12:39pm PT by Seth Abramovitch
'Star Wars' Star John Boyega Defends Carnival Grinding: "Rey Would Back It Up"
Video of Star Wars star John Boyega grinding with a female dancer at a Caribbean celebration in London last weekend has ignited debate, with one side claiming the images are demeaning to female fans of the franchise, and the other dismissing those complaints as culturally insensitive at best, racist at worst.
The footage, which surfaced on Twitter on Wednesday, was taken at the annual Notting Hill Carnival and posted by the 25-year-old actor himself to his own Instagram account. The event is Europe's largest street festival, a parade and celebration honoring London's Caribbean communities and traditions, held every late summer since 1964.
In the 11-second clip, Boyega, who plays the Stormtrooper-turned-rebel Finn in the film series, is dressed in a camouflage top with cut-off sleeves and shorts, a black bandanna tied around his neck. He grinds against a dancer in a string bikini and feather headdress; at one point, he places a hand across the woman's exposed back and on her shoulder to steady himself.
The full-contact dancing has a name — "wining" (sometimes spelled "whining") — as well as a rich tradition, having originated in the 18th century "Jamette carnivals" of Trinidad and Tobago. "Jamette" comes from the French word "diametre," which referred to the class of people below "the diameter of respectability" who attended them; "wining" got its name from the winding motion required of the hips while performing the dance.
But to some Star Wars fans — particularly feminist-identifying ones who find it hard to reconcile their love of the franchise with images like that of "Slave Leia" from Return of the Jedi — the video was nevertheless unsettling.
"It's not funny. Can you imagine strong females like Padme, Leia or Rey in a similar situation? I can't," responded Twitter user BaymaxSix to Boyega, in a tweet that tagged both the official Star Wars account and that of its studio owner, Disney. Boyega, who was born in London to Nigerian parents, replied directly to the critique, tweeting, "Yep! Rey would back it up!!!!! Wooooooiiiiiii!" He ended the tweet with four cry-laughing emojis.
Other Twitter users quickly rallied to Boyega's defense, with the actor responding to several of them. "Don't let me find John Boyega at carnival — I'll be throwing all the booty on him!" wrote one woman. "Oooooo damn. I receive it!" Boyega replied, then retweeted an animated gif of a woman's bouncing buttocks.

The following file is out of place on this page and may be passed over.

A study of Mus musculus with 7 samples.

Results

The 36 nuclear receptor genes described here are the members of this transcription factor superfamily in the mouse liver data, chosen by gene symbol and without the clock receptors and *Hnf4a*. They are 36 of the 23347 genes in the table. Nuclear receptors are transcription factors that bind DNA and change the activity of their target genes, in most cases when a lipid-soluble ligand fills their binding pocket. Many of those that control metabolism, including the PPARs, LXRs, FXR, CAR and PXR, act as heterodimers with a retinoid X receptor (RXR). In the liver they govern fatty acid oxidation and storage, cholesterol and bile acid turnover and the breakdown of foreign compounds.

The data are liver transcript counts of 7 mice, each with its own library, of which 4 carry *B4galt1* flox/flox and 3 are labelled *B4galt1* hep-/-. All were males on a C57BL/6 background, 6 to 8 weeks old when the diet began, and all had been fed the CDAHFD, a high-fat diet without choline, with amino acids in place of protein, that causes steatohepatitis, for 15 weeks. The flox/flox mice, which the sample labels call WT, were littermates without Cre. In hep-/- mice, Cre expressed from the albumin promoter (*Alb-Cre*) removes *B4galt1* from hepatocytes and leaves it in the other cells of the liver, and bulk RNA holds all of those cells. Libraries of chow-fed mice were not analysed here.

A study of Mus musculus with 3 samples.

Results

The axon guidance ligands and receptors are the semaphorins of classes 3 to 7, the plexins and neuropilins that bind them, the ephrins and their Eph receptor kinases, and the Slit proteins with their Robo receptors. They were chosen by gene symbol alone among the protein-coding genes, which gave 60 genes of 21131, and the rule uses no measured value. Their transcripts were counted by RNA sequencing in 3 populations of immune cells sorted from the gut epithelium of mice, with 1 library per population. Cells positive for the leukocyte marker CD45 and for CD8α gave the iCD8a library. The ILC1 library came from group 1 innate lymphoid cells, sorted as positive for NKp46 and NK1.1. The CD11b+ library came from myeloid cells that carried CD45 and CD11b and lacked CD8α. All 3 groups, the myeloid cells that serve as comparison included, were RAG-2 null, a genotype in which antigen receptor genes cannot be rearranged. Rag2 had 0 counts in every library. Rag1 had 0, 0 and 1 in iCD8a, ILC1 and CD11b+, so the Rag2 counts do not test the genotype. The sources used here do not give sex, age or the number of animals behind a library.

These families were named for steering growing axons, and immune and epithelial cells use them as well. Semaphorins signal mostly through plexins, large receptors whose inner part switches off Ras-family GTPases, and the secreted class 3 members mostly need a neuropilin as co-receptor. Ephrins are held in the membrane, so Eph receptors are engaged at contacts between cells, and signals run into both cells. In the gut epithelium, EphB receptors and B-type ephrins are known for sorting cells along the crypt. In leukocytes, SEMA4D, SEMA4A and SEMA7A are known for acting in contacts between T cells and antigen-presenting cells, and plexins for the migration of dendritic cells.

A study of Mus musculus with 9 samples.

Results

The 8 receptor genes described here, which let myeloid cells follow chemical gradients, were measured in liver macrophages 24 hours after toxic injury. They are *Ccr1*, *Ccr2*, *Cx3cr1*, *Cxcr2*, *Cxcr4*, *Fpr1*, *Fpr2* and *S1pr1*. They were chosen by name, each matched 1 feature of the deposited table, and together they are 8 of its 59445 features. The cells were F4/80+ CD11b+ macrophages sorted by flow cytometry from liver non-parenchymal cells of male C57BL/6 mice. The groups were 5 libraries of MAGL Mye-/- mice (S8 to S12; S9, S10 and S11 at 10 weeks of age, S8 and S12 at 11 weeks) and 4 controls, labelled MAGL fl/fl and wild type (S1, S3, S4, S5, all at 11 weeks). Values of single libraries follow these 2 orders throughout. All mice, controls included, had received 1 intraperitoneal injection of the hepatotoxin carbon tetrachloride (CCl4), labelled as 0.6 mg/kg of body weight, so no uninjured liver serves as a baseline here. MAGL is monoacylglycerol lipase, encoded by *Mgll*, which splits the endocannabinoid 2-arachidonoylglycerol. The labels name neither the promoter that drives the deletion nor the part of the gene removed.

BaymaxSix, meanwhile, was told by one woman, "Stop trying to shame people about sex." Another wrote, "If you can't distinguish the difference between fictional WHITE WOMEN and the cultural traditions of WOC [women of color] you need to stop talking." Those sentiments were echoed in dozens of other tweets.
Nevertheless, BaymaxSix stands by his assessment. Speaking to The Hollywood Reporter on condition of anonymity, the 50-year-old Spanish man, who has been a lifelong fan of Star Wars since he saw the original at age 11, says he was not happy with Boyega's response.
"John is free to have fun any way he wants," he says. "But he is a public character, and in my opinion should take care of what he puts in his social networks. I think he has to preserve the legacy of the most important film saga ever. When I saw the images, I thought of the millions of children that follow John and how they would interpret those images."
Likely to sympathize with that point of view is Disney and the Star Wars gatekeepers themselves, led by Lucasfilm president Kathleen Kennedy, all of whom maintain the multibillion-dollar brand's identity with a famously iron fist.
Part of that means ensuring it remains family-friendly — particularly as Disney readies two 14-acre Star Wars-themed areas at each of its North American theme parks, both tentatively scheduled to open in 2019.
Optics aside, however, for many in the Star Wars fan community, the images remain much ado about nothing. "Boyega's a confident, sexy man who was out there dancing with a willing participant," says Star Wars fan and writer Shana O'Neil. "And he's also a human being. Which I think is really important."
Reps for Boyega and Lucasfilm did not respond to a request for comment.